Radio NZ | 4 September 2018
Revised TPP to come into force within months
by Patrick O’Meara
New Zealand intends being one of the first six to ratify the Comprehensive and Progressive Trans-Pacific Partnership Agreement (CPTPP), which would trigger the lowering of barriers and standardising rules from investment to labour in a group that encompasses 14 percent of world trade.
Three countries - Japan, Mexico and Singapore - have ratified, and Australia, Chile and New Zealand have indicated they will soon follow suit.
"We are expecting that to happen by the end of the year, or at the latest, early next year," Trade Minister David Parker said.
The Trans-Pacific Partnership Agreement (CPTPP) Amendment Bill, which makes changes necessary for New Zealand to ratify the agreement [https://www.radionz.co.nz/news/political/356591/tpp-opponents-keep-fighting-as-mps-scrutinise-deal is currently before the Foreign Affairs, Defence and Trade select committee.
One of the committee’s members and a key driver of the revised TPP when National was in power, Todd McClay, said his party supported ratification.
"The National opposition will be working very hard to make sure that happens. It’s up to the government to find enough time to get through the House in time."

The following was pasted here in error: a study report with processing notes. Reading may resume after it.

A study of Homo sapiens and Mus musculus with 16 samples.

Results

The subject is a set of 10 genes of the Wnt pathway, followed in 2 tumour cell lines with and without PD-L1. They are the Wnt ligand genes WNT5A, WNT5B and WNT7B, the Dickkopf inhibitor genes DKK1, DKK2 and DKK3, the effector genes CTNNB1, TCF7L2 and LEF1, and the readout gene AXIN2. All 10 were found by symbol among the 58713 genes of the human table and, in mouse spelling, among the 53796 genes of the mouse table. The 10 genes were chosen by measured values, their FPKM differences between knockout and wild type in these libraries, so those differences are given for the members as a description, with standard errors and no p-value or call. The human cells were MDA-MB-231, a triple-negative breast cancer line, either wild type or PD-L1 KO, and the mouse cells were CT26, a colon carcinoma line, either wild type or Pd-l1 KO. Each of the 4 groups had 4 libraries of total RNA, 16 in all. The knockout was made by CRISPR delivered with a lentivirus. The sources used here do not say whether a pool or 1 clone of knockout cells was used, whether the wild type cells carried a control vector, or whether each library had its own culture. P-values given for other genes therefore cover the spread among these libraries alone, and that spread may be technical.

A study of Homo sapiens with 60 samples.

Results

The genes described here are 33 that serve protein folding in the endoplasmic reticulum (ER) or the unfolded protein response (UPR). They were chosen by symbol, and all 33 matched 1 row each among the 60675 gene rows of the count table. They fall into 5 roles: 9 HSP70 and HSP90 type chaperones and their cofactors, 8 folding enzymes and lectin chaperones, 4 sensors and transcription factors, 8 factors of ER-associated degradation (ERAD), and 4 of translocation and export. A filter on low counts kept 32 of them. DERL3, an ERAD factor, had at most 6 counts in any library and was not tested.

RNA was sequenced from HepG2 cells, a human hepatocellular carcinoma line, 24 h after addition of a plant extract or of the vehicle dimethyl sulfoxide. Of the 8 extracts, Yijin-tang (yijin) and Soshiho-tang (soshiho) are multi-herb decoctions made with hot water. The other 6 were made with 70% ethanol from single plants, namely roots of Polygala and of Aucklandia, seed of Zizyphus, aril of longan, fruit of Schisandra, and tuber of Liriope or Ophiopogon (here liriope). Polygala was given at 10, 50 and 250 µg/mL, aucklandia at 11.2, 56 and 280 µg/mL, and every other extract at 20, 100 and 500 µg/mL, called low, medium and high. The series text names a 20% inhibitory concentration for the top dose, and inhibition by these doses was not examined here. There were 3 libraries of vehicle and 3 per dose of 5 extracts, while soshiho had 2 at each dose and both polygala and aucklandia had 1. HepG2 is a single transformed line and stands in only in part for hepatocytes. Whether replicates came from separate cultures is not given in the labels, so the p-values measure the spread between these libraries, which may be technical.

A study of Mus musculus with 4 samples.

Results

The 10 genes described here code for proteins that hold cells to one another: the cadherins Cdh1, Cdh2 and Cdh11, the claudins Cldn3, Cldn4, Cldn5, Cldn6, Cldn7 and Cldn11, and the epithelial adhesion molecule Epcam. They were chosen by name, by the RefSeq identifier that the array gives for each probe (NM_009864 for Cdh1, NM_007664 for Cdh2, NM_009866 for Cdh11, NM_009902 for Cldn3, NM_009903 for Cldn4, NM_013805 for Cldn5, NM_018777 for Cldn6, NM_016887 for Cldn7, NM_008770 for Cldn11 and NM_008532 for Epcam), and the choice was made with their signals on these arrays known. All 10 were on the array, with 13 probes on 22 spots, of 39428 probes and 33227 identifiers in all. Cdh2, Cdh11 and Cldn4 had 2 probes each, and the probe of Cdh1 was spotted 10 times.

International Business Forum executive director Stephen Jacobi said a successful TPP would be a shot in the arm for multi-country trade deals.
"The reality of international trade today - through global value chains that includes multiple jurisdictions, multiple countries supplying products that make up finished products - is an overwhelming logic that points to plurilateral approaches."
"I’m hopeful that the current focus on bilateralism and certainly on protectionism will give way at some point to a more enlightened attitude," Mr Jacobi said.
A number of countries were now clambering to join the TPP-11.
Colombia had made a formal request, while Thailand and South Korea had taken steps seeking admission. Britain has also expressed an interest following its eventual exit from the European Union.
Mr Jacobi said growing trade tensions between the world’s two biggest economies - the United States and China - had other nations looking to TPP for certainty.
"It is a realistic vehicle for trade liberalisation, even after the United States has left."
"And things that are practical and hold the possibility of trade growth and better trade rules are always going to be looked at very seriously," Mr Jacobi said.
But Auckland law professor and TPP critic Jane Kelsey said the New Zealand government could still be sued by Japanese and Canadian investors under the TPP despite the coalition’s vow to remove investor state dispute settlements, or ISDS, provisions.
"So we have a very serious problem with the current government that it’s public position of no ISDS in future agreements is not actually what it’s delivering on at all, and so its intensifying our exposure to those disputes."
Professor Kelsey also fears that provisions suspended under the original TPP, mainly related to American demands around issues such as intellectual property, copyright and drug buying policies, could be reactivated without any parliamentary scrutiny.